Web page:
Review: Not even live, Fox's 'Rent' was more a season of lousy than love
It was never going to be easy.
With its almost entirely sung rock-opera score, its mature themes and language, 1990s punchlines and status as a cult phenomenon, "Rent" has become one of the hardest musicals to pull off. And it's even harder to do on family-friendly broadcast television in 2019.
Fox's live version of the Broadway musical about starving artists living in New York during the AIDS epidemic was disadvantaged from the moment it was announced. The choice a marked contrast to the network's previous musicals, the delightful "Grease Live!" and the cringe-worthy "A Christmas Story Live!"
And things for "Rent" were made ever worse when, just a day before the show was supposed to go on, one of the cast members broke his foot, forcing the network to air a Frankenstein of a show with substantial amount of pre-recorded material from Saturday's rehearsal during the hyped "live" broadcast.
The result made the best of a very bad situation. It's theater after all; the show must go on. But the rehearsal performance combined with other problems – dizzying staging and camera work, a too-loud audience, awkward lines and lyrics substituted for curse words – made it difficult for "Rent" to, well, sing.
Unlike the much-maligned 2005 film version of the musical, producers of Fox's "Rent" left the lengthy all-singing-all-the-time script mostly intact and built a set that looked more like a Broadway stage than the larger, more immersive TV-centric sets from "Grease" and "Story."
The production also eschewed big stars (well, except for Vanessa Hudgens, I guess) in favor of young talent like Kiersey Clemons ("Dope"), Brandon Victor Dixon ("Jesus Christ Superstar in Concert"), "RuPaul's Drag Race" star Valentina and singer Tinashe.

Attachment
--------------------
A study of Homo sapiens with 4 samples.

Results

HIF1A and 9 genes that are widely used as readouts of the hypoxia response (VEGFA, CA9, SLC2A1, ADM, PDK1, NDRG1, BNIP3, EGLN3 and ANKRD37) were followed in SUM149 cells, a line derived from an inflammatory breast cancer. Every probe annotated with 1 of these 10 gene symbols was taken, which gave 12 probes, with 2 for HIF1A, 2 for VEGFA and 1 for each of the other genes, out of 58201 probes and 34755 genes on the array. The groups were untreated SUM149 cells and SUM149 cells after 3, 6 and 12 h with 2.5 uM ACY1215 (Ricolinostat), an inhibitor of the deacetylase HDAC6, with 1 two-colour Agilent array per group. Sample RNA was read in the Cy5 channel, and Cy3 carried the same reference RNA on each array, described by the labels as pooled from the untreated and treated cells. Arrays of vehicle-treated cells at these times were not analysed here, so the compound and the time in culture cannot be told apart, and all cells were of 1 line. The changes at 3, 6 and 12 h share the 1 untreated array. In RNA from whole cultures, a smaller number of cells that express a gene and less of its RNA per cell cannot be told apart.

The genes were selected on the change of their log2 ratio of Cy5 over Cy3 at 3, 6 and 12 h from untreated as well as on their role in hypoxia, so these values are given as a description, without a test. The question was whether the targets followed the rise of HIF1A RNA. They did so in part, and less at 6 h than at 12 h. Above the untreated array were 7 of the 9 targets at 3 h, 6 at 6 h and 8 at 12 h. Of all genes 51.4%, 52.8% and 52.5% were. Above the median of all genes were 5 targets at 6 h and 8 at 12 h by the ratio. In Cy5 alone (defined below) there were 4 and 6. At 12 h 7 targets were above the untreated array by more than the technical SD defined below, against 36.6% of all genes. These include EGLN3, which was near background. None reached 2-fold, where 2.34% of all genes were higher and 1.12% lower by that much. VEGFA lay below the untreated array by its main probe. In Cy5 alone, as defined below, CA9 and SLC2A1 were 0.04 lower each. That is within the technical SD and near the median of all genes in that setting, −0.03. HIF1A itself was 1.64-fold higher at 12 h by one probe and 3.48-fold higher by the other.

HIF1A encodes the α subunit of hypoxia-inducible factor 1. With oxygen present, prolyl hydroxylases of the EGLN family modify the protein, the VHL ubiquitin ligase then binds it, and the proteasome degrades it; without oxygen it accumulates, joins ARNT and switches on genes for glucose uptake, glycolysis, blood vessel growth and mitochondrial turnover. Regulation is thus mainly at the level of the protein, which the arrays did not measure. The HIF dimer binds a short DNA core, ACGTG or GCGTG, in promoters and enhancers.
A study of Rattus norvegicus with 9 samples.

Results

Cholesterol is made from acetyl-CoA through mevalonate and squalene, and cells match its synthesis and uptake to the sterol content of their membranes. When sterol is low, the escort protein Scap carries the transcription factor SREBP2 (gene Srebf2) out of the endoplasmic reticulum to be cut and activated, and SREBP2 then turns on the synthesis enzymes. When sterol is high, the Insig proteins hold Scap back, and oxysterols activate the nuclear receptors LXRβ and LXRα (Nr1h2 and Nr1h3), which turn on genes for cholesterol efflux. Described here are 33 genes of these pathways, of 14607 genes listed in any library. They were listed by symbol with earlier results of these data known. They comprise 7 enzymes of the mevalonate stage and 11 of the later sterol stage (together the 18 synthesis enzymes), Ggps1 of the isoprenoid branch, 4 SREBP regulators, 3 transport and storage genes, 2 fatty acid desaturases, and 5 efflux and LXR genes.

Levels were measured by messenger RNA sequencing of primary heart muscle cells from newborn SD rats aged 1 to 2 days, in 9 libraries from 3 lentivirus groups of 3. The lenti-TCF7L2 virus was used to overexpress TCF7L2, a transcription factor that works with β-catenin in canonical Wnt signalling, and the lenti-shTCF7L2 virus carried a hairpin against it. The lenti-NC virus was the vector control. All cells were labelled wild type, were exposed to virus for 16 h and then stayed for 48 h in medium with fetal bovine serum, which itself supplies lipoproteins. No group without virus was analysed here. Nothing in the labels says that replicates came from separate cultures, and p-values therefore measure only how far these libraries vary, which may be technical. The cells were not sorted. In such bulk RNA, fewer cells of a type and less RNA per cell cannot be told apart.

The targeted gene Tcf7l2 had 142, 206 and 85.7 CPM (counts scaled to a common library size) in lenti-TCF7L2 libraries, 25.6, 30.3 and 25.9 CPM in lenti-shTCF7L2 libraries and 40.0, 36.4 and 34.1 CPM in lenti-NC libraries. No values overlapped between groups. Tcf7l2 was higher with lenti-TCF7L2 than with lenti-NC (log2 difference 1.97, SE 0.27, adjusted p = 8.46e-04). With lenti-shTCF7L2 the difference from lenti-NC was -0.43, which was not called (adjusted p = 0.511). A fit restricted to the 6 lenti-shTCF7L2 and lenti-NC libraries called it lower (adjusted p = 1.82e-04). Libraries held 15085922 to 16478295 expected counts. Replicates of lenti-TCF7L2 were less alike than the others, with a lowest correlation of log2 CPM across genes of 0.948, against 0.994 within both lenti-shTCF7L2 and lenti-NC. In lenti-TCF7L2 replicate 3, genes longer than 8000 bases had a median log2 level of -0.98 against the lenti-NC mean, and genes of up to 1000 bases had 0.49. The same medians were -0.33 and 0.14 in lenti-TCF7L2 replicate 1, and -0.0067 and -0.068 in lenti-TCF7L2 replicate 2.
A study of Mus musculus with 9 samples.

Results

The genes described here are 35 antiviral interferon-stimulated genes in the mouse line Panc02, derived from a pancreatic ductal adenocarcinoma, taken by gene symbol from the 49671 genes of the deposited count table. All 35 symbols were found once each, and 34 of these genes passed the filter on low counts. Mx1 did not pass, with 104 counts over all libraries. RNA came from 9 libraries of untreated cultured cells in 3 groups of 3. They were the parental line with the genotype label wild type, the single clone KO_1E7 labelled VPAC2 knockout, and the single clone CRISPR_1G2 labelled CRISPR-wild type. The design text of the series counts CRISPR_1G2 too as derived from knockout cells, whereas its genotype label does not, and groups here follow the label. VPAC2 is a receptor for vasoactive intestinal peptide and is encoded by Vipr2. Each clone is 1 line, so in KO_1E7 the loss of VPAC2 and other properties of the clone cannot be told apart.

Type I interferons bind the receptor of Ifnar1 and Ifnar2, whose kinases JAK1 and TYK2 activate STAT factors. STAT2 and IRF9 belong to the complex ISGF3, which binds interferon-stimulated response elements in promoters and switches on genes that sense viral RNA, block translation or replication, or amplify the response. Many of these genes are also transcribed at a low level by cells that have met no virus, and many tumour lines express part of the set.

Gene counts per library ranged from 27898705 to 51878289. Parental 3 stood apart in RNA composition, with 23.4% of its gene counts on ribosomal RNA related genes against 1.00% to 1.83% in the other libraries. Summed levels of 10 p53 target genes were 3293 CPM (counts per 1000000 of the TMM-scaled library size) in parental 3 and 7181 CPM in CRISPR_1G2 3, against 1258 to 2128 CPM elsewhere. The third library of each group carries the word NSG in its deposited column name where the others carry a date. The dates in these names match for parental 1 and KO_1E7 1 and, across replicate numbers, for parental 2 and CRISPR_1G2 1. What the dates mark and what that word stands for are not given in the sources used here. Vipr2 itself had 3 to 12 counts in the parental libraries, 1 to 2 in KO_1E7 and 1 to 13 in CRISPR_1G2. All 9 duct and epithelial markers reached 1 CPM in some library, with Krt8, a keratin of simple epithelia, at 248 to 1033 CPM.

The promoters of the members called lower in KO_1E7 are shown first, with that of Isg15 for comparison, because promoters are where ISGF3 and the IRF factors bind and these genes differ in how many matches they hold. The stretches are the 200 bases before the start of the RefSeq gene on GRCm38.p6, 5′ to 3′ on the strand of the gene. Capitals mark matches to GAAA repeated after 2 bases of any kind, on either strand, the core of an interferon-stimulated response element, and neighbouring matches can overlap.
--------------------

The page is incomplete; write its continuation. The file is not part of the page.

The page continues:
With a group of sweet-voiced young whippersnappers and the director of the original Broadway production, Michael Greif, "Rent" seemed to have the right ingredients to rise above its many challenges. But when the metaphorical curtain rose, the magic just wasn't there. The show just felt wrong from the first (taped) note.
The audience surrounding the stage was energetic to a fault, sometimes overpowering the singers. The too-dark set, paired with an endlessly spinning camera that nearly induced nausea, made the show excruciatingly hard to follow, even for those familiar with the material. The energy was low, and the chemistry between many of the romantically linked characters lackluster.
Adapting the script, the producers made odd choices, handing "Seasons of Love," the most famous song in the show, to minor characters.
Worse, it failed to create the deep, affecting emotion the musical is known for. When Dixon, the show-stopping standout from "Jesus," sang the usually devastating ballad "I'll Cover You Reprise" at his lover's funeral, it was beautiful, but rang hollow. The spirited artist anthem "La Vie Boheme" landed with a thud.
From the social-media followings of its stars to the handy history of what the world was like in 1991, "Rent" seems like it was engineered to attract a Generation Z audience. But if today's teens were going to discover and love "Rent" the way millennials did after the original Broadway run ended, it was never going to be through a live Fox musical with cursing censored and awkward voiceovers explaining the AIDS epidemic. There's nothing natural or organic about trying to absorb it between ads for "Dumbo" and "The Masked Singer."
It was a nice touch to bring the original Broadway cast out to sing "Seasons of Love" at the end, but it all seemed a bit forced.
La vie boheme isn't simple for anyone.